Federal Judge Orders FBI to Answer Questions About Missing Oklahoma City Bombing Videotapes

In a BigGovernment.com post April 7, I shared news that videotapes recorded in downtown Oklahoma City April 19, 1995, were set to be the subject of a federal court hearing. Today, I share an update about the hearing that took place in Salt Lake City yesterday.

Judge Clark Waddoups, presiding in the U.S. District Court for the District of Utah, Central Division, “was all over (the) FBI,” according to Jesse Trentadue, the Utah attorney who used the Freedom of Information Act in an attempt three years ago to compel the FBI to turn over copies of surveillance video captured April 19, 1995, by more than 20 cameras operating in the vicinity of the Alfred P. Murrah Federal Building in downtown Oklahoma City.

Not only did Judge Waddoups deny the FBI’s Motion for Summary Judgment, Trentadue said, but he gave the Bureau until June 30 to do the following:

1. Confirm that FBI Information Director David Hardy told the truth in declarations he submitted to the court;

2. Describe the S-Drive and why it was not searched;

3. Explain why Evidence Control Units at Oklahoma City Field Office, FBI Headquarters and FBI Crime Lab were not searched; and

4. Describe how burdensome it would be to search OKBOMB case file entries for two weeks after the bombing for missing tapes?

Once Judge Waddoups gets the requested information/answers from the FBI, Trentadue said, he will revisit the motion to order the FBI to conduct additional searches.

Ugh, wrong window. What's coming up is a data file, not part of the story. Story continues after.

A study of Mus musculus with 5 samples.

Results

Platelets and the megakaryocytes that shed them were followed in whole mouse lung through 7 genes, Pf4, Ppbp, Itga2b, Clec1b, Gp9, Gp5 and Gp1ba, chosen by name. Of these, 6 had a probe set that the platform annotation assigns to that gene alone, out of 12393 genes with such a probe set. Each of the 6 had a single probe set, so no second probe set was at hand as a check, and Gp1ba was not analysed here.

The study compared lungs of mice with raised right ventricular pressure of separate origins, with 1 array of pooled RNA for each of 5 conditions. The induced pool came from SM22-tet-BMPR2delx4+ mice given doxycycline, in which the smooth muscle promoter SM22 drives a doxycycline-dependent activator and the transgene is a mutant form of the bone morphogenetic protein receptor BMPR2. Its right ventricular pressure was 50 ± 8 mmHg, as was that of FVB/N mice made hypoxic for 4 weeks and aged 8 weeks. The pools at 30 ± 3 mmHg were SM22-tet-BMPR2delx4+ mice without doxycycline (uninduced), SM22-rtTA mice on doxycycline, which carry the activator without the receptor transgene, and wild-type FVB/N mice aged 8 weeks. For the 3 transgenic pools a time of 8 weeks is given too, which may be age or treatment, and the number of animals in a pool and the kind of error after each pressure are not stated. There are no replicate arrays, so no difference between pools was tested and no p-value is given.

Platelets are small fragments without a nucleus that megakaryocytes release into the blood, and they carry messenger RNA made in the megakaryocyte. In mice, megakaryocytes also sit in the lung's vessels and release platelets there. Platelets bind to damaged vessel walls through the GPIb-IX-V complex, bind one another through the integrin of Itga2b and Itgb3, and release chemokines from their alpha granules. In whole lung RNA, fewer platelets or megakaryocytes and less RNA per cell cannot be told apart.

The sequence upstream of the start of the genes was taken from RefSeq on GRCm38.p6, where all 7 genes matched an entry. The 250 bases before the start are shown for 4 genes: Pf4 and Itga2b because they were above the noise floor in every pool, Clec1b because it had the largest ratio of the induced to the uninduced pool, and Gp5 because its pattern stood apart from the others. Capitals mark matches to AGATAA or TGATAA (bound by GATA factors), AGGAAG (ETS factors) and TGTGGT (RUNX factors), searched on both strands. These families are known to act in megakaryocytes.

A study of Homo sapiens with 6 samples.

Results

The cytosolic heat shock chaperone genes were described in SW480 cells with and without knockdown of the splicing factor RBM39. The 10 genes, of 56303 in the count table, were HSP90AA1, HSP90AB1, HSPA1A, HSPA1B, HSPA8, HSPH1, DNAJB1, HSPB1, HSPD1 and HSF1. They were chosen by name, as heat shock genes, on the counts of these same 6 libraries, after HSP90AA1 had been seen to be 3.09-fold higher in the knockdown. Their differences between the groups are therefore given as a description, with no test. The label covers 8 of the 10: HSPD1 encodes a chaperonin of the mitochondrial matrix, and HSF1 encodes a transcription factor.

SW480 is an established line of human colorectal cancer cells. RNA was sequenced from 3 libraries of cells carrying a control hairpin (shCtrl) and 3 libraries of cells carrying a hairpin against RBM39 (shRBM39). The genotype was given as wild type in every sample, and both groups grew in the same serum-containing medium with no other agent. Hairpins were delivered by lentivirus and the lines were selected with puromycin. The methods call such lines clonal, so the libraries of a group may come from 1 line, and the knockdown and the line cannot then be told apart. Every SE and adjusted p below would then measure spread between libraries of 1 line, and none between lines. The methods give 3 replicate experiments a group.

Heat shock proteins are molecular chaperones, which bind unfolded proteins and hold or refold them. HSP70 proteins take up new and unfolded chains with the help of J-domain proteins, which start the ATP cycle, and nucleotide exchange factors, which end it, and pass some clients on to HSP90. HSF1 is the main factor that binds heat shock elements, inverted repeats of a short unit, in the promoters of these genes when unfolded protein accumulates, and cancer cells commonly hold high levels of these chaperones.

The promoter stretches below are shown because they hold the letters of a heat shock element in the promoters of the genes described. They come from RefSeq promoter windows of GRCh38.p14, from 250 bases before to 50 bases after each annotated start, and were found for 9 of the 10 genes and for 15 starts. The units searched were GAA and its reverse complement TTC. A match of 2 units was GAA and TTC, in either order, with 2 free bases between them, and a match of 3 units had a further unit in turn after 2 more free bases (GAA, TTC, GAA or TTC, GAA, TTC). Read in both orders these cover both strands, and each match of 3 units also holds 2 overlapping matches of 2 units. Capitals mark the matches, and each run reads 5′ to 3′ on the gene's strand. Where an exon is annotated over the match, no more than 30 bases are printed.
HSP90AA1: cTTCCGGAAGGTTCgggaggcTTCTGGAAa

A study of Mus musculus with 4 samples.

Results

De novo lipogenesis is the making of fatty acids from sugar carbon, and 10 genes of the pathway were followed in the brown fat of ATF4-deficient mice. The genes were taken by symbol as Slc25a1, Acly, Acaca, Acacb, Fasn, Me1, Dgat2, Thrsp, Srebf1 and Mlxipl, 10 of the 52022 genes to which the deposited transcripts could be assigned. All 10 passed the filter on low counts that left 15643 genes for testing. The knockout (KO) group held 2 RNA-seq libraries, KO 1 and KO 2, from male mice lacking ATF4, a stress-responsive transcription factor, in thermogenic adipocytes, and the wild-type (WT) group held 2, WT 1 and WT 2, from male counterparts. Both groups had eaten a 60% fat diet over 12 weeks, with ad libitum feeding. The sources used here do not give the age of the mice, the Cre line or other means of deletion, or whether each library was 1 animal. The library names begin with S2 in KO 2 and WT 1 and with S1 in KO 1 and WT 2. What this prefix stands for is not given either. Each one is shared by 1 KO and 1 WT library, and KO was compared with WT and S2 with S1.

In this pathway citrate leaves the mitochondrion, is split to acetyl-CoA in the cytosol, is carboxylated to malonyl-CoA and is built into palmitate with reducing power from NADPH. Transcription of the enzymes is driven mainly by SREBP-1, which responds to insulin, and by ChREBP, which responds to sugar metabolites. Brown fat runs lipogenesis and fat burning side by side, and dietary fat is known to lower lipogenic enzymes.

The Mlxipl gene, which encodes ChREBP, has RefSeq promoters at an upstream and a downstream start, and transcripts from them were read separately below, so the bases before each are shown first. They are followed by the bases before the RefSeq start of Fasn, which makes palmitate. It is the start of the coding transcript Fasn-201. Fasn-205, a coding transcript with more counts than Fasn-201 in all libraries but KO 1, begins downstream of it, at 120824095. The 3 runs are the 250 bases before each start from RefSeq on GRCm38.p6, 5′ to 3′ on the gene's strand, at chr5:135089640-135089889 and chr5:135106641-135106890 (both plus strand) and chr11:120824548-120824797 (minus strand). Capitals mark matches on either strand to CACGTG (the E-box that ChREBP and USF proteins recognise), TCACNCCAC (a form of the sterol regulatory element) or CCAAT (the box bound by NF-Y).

Trentadue became interested in the Oklahoma City Bombing investigation after his brother, Kenneth Trentadue, died under suspicious circumstances while in custody at the U.S. Bureau of Prisons Federal Transfer Center in Oklahoma City a few months after the bombing.

As part of his investigation into his brother’s death and any possible links to the bombing, he used FOIA to request footage captured prior to 9:02 a.m. Central, when a truck bomb exploded, killing 168 people, and footage from the dashboard camera of Oklahoma Highway Patrolman Charles Hanger‘s vehicle showing the arrest of Timothy McVeigh. Though he received footage from several cameras, he did not receive any from the cameras on the Murrah Building itself.

In his Memorandum in Support of Rule 56(f) Motion for Continuance Pending Discovery, Trentadue explained that his lawsuit “is not about reports and documents” and is, instead, “a case about videotapes.”

It is also a case about the most crucial evidence in what was then the biggest investigation ever handled by FBI defendants: the bombing of the Oklahoma City Alfred P. Murrah Federal Building, he wrote. The videotapes at issue will expose that others were involved in that terrorist attack.

For more background, see Oklahoma City Bombing Videotapes Subject of Federal Court Hearing in Salt Lake City May 11, and my other reports about the Oklahoma City Bombing.